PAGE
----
Lightning deaths top 150 in one India state in less than 2 weeks
Lightning put on a show as it scattered across the night sky over Greensboro, North Carolina, on July 5.
Just one state of India has accounted for more than 150 lightning deaths in just 14 days.
The state of Bihar, nestled between Bangladesh and southern Nepal, is one of the poorest states in all of India and has been inundated with rounds of rain and thunderstorms since the last week of June.
The AFP reported on Tuesday that the deaths from lightning in Bihar, India, reached 147 in just 10 days' time. More than two dozen of these deaths came on just Saturday, July 4. Additional deaths through the beginning of this week took that number to over 150.
A total of 215 people have been killed so far this year across the state. Nearly all of the deaths have been farmers, rural laborers and cattle graziers.
A flash of lightning lights up a raincloud hovering over a township in Dharmsala, India, Sunday, April 19, 2020. (AP Photo/Ashwini Bhatia)
During the entirety of the monsoon season last year, about 170 deaths were attributed to lightning in Bihar.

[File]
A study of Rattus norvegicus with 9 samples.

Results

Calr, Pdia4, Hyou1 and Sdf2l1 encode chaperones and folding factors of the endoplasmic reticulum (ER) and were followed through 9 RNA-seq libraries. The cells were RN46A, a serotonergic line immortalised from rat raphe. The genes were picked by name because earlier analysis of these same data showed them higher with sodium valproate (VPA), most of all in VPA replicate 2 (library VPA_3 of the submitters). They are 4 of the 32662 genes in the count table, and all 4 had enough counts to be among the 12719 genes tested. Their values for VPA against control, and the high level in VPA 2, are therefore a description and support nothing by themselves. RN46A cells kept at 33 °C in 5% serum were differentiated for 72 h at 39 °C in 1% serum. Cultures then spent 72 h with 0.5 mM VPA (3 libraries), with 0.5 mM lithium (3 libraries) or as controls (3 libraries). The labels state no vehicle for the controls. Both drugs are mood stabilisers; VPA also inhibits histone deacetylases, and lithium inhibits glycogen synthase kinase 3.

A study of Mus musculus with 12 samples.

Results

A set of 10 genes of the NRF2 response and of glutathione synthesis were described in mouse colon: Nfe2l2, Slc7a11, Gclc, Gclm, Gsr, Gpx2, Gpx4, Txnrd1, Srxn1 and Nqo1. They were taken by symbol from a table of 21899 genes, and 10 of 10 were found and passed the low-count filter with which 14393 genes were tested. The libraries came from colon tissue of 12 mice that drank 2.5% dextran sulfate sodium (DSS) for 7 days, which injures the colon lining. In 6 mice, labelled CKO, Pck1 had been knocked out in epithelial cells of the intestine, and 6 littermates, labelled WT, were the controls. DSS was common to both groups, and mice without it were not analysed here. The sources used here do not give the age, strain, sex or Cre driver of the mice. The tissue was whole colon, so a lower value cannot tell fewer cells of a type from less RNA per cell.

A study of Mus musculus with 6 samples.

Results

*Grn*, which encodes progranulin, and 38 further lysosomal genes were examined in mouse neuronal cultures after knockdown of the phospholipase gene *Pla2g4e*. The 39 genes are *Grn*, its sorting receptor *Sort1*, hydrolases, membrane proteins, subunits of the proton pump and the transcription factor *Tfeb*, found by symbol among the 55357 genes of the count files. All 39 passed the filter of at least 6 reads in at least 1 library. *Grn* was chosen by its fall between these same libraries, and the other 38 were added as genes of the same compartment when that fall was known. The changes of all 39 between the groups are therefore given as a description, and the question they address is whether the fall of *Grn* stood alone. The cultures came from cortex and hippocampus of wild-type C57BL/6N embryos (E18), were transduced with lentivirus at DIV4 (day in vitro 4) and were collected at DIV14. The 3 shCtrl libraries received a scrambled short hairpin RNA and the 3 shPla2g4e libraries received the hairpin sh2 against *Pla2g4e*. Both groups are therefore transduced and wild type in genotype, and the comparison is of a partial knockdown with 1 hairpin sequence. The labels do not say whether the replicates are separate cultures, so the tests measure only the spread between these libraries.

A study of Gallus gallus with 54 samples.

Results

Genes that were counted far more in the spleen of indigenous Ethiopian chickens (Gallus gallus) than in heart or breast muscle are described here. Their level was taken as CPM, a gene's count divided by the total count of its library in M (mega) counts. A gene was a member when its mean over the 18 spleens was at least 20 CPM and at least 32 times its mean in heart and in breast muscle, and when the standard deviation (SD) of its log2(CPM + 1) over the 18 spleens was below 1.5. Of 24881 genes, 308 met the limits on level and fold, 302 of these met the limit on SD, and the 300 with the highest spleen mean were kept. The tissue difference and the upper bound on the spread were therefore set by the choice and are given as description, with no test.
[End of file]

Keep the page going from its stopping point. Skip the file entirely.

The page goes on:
In neighboring Uttar Pradesh, just over 200 people have been killed by lightning since April of this year. A total of 239 lightning deaths were reported in the state during the entirety of 2019.
More frequent and widespread thunderstorms are common during the southwest monsoon period, which impacts India from late May or early June through the middle of October. During this time, excess moisture pushes through India, helping to create the right environment for showers and thunderstorms.
According to the India Meteorological Department, the onset of the 2020 southwest monsoon across Bihar was ahead of schedule by several days.
In 2018, India's National Crime Records Bureau reported that lightning caused 2,357 deaths across the whole country throughout the year.
India averages at least 2,000 to 3,000 lightning-related deaths each year, according to the Hindustan Times.
Bihar's Disaster Management Minister, Lakshmeshwar Rai, said he was briefed by scientists, weather experts and officials who attributed the "rising temperatures due to climate change" as "the main cause behind the increasing lightning strikes".